The Private Lives of the Tudors: Uncovering the Secrets of Britain's Greatest Dynasty

Release Date: 
December 12, 2016
Publisher/Imprint: 
Grove Press
Pages: 
464
Reviewed by: 

“a fascinating and informative account of the personal lives of the Tudors.”

More than likely, even if one does not recognize the Tudor dynasty, the names of Henry VIII and Elizabeth I should certainly be universally so. Included in the Tudor lineup as well are the lesser known Edward VI, Mary and the following collateral generation of Lady Jane Grey and Mary, Queen of Scots, which led to the Tudors’ demise and the ascendancy of the House of Stuart.

While much of the political, diplomatic, and military history of this royal house has been extensively covered previously and by many, their private lives, feuds, conflicts, and relations behind the scenes have not been nearly so much, notwithstanding the historiography of Henry VIII and his six wives.

Author Tracy Borman, holder of a PhD and joint chief curator of Historic Royal Palaces, has written previously on topics of English and royal history. She has taken this particular subject and provided more than just a chronological account of these men and women who had so much influence on world and European history and continue to fascinate some 500 years later.

Chronicling the rise of the Tudors, with Henry VII, and the end of the War of the Roses, essentially a civil war over royal succession, Borman covers the all-encompassing need of each Tudor monarch to secure “title” to the throne and produce an heir in order to perpetuate the dynasty. Not surprisingly, the sex lives, affairs, and suspected affairs are all covered here.

The many pregnancies and miscarriages of queens and female courtiers and mistresses relevant to the story are included as well as the details of and techniques employed in childbirth in the medieval era in sometimes graphic detail. Each potential heir’s birth is followed by a description of the royal manner of raising children, largely without parents present, but, of course, in the lap of luxury.

Related and investigated are the intrigues, the gossip and scandal which ran rife through the Tudor court for nearly 120 years, including Henry VIII’s own intrigues when it came to establishing the Church of England in order to facilitate his many marriages and his marital troubles which resulted in the executions of Anne Boleyn and Katherine Howard. 

At this far remove, it is not necessarily possible to determine all of Henry VIII’s mistresses and affairs or the purported virginity of Elizabeth I (from the lack of any absolute evidence, the conclusion would seem to be that she was the Virgin Queen in spite of a teenaged flirtation and then later intimate relationship with Robert Dudley).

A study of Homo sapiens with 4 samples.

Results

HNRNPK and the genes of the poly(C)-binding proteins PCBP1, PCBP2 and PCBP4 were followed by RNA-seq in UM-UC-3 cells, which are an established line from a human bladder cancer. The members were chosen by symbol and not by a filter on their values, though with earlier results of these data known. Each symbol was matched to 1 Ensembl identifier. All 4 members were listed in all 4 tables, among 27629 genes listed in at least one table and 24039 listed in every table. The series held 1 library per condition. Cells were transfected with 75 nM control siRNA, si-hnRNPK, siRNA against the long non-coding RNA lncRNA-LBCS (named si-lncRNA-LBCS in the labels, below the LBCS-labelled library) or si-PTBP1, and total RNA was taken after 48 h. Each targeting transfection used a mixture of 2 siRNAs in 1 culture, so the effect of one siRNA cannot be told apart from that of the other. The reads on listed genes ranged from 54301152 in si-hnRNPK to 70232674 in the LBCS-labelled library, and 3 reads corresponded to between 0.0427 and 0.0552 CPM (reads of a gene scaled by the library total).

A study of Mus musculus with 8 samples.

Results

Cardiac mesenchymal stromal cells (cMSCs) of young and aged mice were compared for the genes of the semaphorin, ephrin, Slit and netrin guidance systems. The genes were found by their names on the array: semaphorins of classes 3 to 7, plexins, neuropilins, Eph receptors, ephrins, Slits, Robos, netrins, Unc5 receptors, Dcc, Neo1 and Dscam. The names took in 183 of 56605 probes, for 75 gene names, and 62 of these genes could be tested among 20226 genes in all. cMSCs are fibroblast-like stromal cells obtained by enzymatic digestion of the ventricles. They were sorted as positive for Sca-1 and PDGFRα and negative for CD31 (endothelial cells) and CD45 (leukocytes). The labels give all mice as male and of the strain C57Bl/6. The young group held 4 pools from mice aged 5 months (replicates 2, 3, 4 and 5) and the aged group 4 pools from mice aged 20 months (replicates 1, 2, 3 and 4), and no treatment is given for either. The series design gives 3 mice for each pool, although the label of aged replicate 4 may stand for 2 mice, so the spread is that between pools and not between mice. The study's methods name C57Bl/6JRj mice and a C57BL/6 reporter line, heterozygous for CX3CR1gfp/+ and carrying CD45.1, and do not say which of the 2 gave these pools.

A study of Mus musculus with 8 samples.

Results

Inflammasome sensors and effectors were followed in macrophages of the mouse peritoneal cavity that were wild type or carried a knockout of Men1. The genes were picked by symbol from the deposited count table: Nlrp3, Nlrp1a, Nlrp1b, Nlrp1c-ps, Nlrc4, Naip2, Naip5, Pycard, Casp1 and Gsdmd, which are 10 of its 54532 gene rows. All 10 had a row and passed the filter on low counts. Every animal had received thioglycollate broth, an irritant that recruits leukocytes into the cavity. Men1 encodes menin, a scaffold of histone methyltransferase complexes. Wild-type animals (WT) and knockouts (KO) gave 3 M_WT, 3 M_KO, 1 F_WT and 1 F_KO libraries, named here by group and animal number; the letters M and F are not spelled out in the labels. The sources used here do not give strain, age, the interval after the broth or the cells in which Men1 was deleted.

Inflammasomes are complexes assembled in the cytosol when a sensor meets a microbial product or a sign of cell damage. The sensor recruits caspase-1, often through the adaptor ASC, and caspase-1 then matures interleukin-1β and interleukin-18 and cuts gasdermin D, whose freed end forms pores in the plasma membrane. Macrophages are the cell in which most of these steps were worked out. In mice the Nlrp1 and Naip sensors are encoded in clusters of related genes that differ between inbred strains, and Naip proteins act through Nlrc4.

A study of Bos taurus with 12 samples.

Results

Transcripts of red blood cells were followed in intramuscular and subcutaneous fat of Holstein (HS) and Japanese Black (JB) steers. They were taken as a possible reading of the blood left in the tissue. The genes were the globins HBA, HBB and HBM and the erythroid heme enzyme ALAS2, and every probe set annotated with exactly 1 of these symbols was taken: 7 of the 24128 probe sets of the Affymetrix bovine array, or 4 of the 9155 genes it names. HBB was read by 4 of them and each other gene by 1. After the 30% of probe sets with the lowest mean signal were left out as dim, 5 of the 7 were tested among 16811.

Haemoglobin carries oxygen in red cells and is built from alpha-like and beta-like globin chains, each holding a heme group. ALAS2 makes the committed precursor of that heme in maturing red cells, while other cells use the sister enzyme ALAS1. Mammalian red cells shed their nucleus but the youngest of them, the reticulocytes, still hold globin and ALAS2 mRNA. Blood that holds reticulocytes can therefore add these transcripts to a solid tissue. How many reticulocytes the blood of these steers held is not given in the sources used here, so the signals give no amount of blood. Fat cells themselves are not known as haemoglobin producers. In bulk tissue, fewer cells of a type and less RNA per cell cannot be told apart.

As in birth and life, so is aging, disease, and death. Each monarch wanted to portray to the common people an individual prowess, physical health, and vigor so as to demonstrate strength and invulnerability, if not an immortality of a kind, which would preclude any revolts or challenges to their throne and authority.

Again and graphically, medieval medical techniques are specified in the text in terms of how disease was treated, inasmuch as tuberculosis, the plague, influenza, measles, smallpox, fevers, and other disorders were largely endemic in England. While we today would consider these techniques as primitive or misguided, they really didn’t know any better and survival was mostly a matter of luck.

Even without any pathological assaults, aging is a natural process and, in spite of living their lives in luxury, Tudor monarchs could always see the end would eventually arrive and, in the case of Henry VIII, there was a scramble for succession. His only son, Edward VI, never attained adulthood, which then set off the convoluted fight between Mary and Elizabeth following the nine-day reign of Lady Jane Grey who was out of her depth when it came to the monarchy.      

So much more is covered in this story (clothes and fashion, royal customs, hygiene and sanitation, palace building and financing it all) that precludes summary but, suffice to say, the detail is considerable as with the rest of the book.

Extensive primary and secondary sources demonstrate the depth of research in spite of missing or lack of surviving records. The photographic section is in color and provides portraits of many of the cast of characters, woodcuts, and other illustrations of medieval subjects, surviving furniture, and other personal items.

This is a fascinating and informative account of the personal lives of the Tudors. So much so that it is certain that the average person would surely be unfamiliar with much of this history. One can only imagine what we don’t know about this complicated and conflicted royal dynasty.